The newspaper reporters had a field day writing about Billy the Kid after his capture and would occasionally quote the Kid’s humorous remarks, but the following interviews express more about the Kid’s feelings towards the injustice done to him.


December 27th 1880: Interview with The Las Vegas Gazette at the train depot, shortly after his capture.

“I don’t blame you for writing of me as you have. You had to believe other stories but then I don’t know, as anyone would believe anything good of me anyway. I wasn’t the leader of my gang, I was for Billy all the time. About that Portales business, I owned the ranch with Charlie Bowdre. I took it up and was holding it because I knew that sometime a stage would run by there and I wanted to keep it for a station. But I found that there were certain men who wouldn’t let me live in the country and so I was going to leave. We had all our grub in the house when they took us in and we were going to a place about six miles away in the morning to cook it and then light out.”

 “I haven’t stolen any stock. I made my living by gambling but that was the only way I could live. They wouldn’t let me settle down; if they had I wouldn’t be here today” and then he held up his left hand with the bracelet. “John Chisum got me into all this trouble and then wouldn’t let me get out. I went up to Lincoln to stand my trial on the warrant that was out for me, but the Territory took a change of venue to Dona Ana and I knew that I had no show, and so I skinned out.

“When I went up to White Oaks the last time, I went there to consult with a lawyer, who had sent for me to come up. But I knew I couldn’t stay there either.

The conversation then drifted to the question of the final round up of the party. “If it hadn’t been for the dead horse in the doorway I wouldn’t be here today. I would have ridden out on my bay mare and taken my chances of escaping. But I couldn’t ride over that (the dead horse) for she would have jumped back and I would have got it in the head. We could have stayed in the house but there wouldn’t have been anything gained by that for they would have starved us out. I thought it was better to come out and get a good square meal-don’t you?”


April 15th 1881: This is an interview with the Mesilla News after Billy the Kid’s trial.

“Well, I had intended at one time to not say a word in my own behalf, because persons would say, ‘Oh, he lied’; Newman (editor of  a Las Cruces newspaper) gave me a rough deal; has created prejudice against me, and is trying to incite a mob to lynch me. He sent me a paper which shows it; I think it a dirty, mean advantage to take of me considering my situation and knowing I could not defend myself by word or act. But I suppose he thought he would give me a kick down hill. Newman came to see me the other day; I refused to talk to him or tell him anything; but I believe the News is always willing to give its readers both sides of a question.”

“If mob law is going to rule, better dismiss judge, sheriff, etc., and let all take chances alike. I expected to be lynched in going to Lincoln. Advise persons never to engage in killing.”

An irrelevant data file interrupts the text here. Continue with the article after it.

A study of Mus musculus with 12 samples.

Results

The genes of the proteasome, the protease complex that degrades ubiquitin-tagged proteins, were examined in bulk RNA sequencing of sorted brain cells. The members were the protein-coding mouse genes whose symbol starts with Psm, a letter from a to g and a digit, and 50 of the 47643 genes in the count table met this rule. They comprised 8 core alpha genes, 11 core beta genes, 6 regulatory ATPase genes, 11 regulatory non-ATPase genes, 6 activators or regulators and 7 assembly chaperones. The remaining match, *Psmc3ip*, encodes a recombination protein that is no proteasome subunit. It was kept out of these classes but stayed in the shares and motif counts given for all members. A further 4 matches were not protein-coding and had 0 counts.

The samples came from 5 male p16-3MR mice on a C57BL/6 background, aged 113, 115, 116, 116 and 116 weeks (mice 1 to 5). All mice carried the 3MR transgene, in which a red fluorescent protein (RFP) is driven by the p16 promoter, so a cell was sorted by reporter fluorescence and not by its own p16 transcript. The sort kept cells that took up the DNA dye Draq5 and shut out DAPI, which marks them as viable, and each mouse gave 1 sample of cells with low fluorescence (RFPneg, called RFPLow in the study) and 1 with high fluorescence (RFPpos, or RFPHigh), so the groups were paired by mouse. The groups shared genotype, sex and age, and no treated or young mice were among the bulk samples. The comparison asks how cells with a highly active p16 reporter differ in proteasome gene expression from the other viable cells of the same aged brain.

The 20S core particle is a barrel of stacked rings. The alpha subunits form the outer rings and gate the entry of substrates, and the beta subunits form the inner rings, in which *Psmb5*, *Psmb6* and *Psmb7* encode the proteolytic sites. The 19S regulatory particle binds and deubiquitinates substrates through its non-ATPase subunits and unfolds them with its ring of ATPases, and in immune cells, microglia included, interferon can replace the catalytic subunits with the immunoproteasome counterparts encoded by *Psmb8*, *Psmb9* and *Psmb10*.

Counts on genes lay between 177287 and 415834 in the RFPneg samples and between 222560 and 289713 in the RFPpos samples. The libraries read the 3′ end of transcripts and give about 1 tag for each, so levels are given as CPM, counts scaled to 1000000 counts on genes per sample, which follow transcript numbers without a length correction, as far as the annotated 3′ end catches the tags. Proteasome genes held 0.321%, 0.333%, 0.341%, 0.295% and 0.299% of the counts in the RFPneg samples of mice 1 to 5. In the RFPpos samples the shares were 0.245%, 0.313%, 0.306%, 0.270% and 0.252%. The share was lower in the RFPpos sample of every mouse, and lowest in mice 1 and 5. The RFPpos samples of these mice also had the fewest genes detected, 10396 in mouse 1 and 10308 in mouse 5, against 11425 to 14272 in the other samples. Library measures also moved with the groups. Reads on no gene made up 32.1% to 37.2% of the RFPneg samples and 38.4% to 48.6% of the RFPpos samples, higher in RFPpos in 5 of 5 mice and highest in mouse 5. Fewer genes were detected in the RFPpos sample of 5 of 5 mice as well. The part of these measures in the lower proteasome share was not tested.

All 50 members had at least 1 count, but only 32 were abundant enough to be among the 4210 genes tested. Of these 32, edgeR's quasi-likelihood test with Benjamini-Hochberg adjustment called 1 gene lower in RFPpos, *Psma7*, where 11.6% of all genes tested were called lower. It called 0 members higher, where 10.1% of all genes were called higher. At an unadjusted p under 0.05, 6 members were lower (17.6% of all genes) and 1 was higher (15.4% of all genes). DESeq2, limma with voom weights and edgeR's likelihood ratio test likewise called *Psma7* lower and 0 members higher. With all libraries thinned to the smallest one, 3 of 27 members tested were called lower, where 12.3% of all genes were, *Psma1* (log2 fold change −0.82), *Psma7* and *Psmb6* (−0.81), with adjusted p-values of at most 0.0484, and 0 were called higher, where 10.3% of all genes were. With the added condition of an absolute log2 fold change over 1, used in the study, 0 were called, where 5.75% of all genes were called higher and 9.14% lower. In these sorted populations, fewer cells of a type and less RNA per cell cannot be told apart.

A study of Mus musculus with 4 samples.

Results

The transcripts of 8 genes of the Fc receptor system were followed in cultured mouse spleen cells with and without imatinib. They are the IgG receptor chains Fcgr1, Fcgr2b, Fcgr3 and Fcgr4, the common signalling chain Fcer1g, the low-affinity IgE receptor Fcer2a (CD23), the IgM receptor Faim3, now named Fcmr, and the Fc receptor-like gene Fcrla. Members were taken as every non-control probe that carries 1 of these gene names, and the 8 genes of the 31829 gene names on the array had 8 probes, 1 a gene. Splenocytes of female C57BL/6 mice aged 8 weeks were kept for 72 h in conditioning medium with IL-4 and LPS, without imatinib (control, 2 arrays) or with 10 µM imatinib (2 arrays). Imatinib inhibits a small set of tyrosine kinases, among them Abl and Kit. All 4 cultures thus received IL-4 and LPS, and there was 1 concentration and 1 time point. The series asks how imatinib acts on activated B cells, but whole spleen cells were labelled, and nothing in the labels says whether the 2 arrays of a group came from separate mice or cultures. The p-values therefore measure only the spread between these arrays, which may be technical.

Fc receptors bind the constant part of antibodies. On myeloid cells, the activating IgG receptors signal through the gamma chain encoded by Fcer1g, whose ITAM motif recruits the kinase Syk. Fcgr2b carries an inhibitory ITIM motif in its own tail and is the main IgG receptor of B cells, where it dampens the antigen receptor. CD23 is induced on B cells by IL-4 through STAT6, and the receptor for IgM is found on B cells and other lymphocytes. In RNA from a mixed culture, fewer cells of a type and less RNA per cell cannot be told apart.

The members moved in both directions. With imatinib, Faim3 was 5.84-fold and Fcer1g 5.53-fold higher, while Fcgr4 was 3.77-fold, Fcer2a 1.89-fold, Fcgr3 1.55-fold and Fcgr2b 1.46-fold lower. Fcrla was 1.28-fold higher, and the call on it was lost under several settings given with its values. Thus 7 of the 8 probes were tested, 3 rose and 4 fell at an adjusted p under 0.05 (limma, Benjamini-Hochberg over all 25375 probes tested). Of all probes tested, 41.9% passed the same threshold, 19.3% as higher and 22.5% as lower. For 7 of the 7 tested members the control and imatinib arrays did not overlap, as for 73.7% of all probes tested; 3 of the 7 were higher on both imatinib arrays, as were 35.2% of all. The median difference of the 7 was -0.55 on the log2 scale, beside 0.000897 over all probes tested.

Editor- “Think you will be taken through safe? Do you expect a pardon from the Governor?”

“Considering the active part Wallace took on our side and the friendly relations that existed between him and me, I think he ought to pardon me. Don’t know that he will do it. When I was arrested for that murder, he let me out and gave me freedom of the town and let me go about with my arms. When I got ready to go I left. Think it hard that I should be the only one to suffer the extreme penalties of the law.”

Editor- “Here the sheriff led us away and said we had talked long enough.”


April 20, 1881: Not exactly an interview, but an interesting article from the Newman’s Semi-Weekly on Billy the Kid. Here the Kid and his guards are preparing to leave Mesilla for Lincoln.

On Saturday night about 10 o'clock Deputy U.S. Marshall Robert Olinger with Deputy Sheriff Woods and a posse of five men (Tom Williams, Billy Mathews, John Kinney, D.M. Reade and W.A. Lockhart) started for Lincoln with Henry Antrim alias The Kid. The fact that they intended to leave at that time had been purposely and the report circulated that they would not leave before the middle of the week in order to avoid any possibility of trouble, it having been rumored that the Kid's band would attempt a rescue. They stopped in front of our office (Semi-Weekly) while we talked to them, and we handed the Kid an addressed envelope and some paper and he said he would write us some things he wanted to make public. He appeared quite cheerful and remarked that he wanted to stay with the boys until their whiskey gave out. Said he was sure his guard would not hurt him unless a rescue should be attempted and he was certain that would not be done unless perhaps "those fellows over at White Oaks come out to take me" meaning to kill him. It was, he said, about a stand-off whether he was hanged or killed in the wagon. The Mesilla jail was the worst place he had ever struck. The sheriff wanted him to say something good about it when he left but he had not done so. He wanted to say something about John Chisum and it was some satisfaction to him to know that some men would be punished after he had been hanged. He was handcuffed and shackled and chained to the back seat of the ambulance. Kinney sat beside him; Olinger on the seat facing him. Mathews faced Kinney; Lockhart driving, and Reade, Woods and Williams riding along on horseback on each side and armed to the teeth, and any one who knows these of whom it was composed will admit that a rescue attempt would be hazardous undertaking. Kid was informed that if any trouble should occur he would be shot first and the attacking party attended to afterwards.